Ten (Heaven), Chi (Earth) and Jin (Creation) – Yumino Seki
A sensory exploration of IKEBANA, a traditional Japanese form of flower arrangement, and the subtle choreography of the spaces between.
Ten-Chi-Jin is a term used in IKEBANA, Japanese traditional flower arrangement. Ten, heaven guides, Chi, earth follows and Jin, creation retains harmony between Ten and Chi. It is a representation of the universe.
IKEBANA developed within the frame of Japanese traditional architecture. It attempts to capture the life of plants and the innate state of its beauty as it exists in nature. It is described as the ultimate abbreviation of an exquisite aesthetic. “The fewer the flowers the deeper the meaning”: in order to emphasise a single flower a small quantity of plants are selected, and spaces are skilfully created. As time goes by, buds open, blossom decays.
This new collaboration between the dance artist Yumino Seki and the visual artist Jacek Ludwig Scarso will explore a new way of sensory communication engaging with Butoh’s visceral expression and theatricality.
Supported by London Metropolitan University.
Photo: Kaizo, directed by Alex Franck.
Traceur – Alisa Oleva
Do you sometimes touch walls when you pass through the streets of the city or when you enter an unfamiliar room? Walls, stairs, corridors, doors, windows – each have their own texture, rhythm and length. The performance takes you on a route through the inside and outside of the building, experiencing it sonically and through touch. Contours, traces, perimeter and the skin of the space reveal themselves through the physicality of touch. How does this building feel, what are its dimensions and how do its walls sound?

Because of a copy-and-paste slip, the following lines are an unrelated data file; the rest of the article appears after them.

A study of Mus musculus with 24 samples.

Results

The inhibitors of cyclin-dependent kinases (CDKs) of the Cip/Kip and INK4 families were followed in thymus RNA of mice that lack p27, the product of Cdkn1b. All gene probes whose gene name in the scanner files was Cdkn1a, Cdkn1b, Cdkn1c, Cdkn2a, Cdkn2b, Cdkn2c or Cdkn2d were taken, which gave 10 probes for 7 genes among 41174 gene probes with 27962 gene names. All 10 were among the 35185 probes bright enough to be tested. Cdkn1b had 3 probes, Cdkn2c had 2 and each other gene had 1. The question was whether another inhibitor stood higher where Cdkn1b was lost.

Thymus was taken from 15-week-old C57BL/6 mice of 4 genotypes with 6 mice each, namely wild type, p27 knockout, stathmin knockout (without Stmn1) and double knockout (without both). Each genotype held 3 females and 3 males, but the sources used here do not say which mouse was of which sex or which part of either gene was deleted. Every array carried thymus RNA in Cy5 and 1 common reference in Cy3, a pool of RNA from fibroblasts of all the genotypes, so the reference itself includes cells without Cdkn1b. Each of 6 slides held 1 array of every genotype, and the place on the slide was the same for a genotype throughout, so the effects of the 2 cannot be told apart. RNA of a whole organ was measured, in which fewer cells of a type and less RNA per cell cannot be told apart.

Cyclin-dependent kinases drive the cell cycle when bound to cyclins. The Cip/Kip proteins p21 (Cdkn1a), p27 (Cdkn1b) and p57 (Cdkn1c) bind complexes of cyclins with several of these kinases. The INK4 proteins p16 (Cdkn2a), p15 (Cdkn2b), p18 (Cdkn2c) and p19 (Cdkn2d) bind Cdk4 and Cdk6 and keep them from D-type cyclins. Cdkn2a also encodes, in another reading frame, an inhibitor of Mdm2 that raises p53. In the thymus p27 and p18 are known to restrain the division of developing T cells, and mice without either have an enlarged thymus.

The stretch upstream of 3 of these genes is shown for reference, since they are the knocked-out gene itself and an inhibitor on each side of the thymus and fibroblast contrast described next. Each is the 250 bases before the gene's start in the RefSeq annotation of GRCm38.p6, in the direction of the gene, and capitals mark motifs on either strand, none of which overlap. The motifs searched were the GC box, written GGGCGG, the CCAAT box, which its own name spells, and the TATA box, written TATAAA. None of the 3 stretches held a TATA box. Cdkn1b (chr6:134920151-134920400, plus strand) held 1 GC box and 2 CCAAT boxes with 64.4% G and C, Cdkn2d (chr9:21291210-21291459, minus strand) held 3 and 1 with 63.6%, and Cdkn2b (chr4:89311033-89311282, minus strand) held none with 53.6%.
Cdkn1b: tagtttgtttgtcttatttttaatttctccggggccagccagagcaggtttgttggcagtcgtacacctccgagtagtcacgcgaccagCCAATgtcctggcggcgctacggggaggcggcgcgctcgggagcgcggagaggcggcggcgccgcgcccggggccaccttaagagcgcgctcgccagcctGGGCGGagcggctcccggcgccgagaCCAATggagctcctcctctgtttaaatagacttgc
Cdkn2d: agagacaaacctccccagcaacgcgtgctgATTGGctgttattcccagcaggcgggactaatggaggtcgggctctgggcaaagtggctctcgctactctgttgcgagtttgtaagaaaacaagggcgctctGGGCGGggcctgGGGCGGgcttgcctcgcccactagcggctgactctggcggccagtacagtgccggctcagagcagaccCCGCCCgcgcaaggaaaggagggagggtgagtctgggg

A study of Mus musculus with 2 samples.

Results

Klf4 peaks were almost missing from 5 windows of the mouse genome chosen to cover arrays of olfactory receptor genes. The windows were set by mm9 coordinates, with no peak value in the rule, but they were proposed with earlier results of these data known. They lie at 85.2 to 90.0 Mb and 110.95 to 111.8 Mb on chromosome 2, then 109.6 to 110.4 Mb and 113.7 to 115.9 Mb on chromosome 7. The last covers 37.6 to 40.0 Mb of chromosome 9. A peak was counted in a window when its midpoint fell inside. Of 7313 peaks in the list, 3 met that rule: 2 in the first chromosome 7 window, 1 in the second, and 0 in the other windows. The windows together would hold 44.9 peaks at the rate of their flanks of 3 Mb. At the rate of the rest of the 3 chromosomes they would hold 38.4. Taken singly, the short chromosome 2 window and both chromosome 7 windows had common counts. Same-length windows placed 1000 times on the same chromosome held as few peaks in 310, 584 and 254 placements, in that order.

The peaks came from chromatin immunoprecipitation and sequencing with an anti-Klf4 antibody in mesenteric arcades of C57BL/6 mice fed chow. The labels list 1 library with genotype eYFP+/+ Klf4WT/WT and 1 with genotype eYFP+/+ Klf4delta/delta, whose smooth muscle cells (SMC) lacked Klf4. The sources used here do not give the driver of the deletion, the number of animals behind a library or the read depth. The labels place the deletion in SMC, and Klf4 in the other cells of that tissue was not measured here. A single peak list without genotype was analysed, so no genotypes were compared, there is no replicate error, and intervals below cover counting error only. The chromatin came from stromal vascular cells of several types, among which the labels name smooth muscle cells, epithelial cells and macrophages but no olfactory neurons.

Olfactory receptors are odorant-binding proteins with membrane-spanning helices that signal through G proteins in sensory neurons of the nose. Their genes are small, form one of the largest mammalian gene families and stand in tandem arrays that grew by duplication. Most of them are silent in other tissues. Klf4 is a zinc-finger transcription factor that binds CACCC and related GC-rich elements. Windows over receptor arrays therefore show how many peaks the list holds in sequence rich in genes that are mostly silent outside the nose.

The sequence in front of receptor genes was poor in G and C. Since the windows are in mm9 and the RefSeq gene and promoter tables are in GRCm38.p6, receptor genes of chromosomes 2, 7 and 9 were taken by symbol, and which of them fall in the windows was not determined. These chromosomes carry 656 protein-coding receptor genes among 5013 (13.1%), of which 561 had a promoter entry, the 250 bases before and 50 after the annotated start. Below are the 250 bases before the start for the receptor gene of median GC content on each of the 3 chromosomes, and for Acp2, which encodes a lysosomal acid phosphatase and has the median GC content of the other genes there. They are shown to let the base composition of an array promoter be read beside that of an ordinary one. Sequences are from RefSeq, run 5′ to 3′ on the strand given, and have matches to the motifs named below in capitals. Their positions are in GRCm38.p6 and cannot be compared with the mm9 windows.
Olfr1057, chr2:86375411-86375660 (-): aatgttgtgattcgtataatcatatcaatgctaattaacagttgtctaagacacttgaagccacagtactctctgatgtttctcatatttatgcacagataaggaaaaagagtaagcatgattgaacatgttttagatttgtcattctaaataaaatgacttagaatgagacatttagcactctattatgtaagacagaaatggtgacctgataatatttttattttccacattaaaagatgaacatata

This performance will take place at three different times in small groups. Please email firstname.lastname@example.org if you have any access needs or struggle with climbing the stairs. At least one of the three performances will be stairs-free.
Future Fridays is our regular programme supporting new work led by Chisenhale Dance Members. Join us for a first look at seven projects which shun conventions and face the future of performance head-on.
Chisenhale Dance Space is on the second floor, accessed by a staircase only, and therefore, regrettably, is not wheelchair accessible. For more information, please click here. If you would like to talk to one of our team about your access needs, please email email@example.com
ABOUT THE ARTISTS
Yumino Seki is a Japanese dance artist, Butoh practitioner and somatic movement educator who makes, performs, collaborates and teaches. Inspired by Butoh’s conceptual approach she explores ways of communication, aiming to embody action, sensory presence and image. Her work is informed by the cultural depth and diversity of both the UK and Japan.
Jacek Ludwig Scarso investigates intersections between practices of theatricality and contemporary art stretching theatrical experiences across live performance, video, photography and installation. His work has been exhibited at Tate Exchange, MACRO Museo di Arte Contemporanea, Rome, the Science Museum, and GV Art Gallery. He was born in Rome of Polish, British and Italian origins.
Alisa Oleva’s practice offers a way to experience and engage with the everyday urban life around us by shifting the sense of real and imaginary within the cityscape. She treats the city as her studio and urban life as material, to consider issues of private and public, visible and invisible, urban choreography and urban archaeology, traces and surfaces, borders and inventories, voids and silences.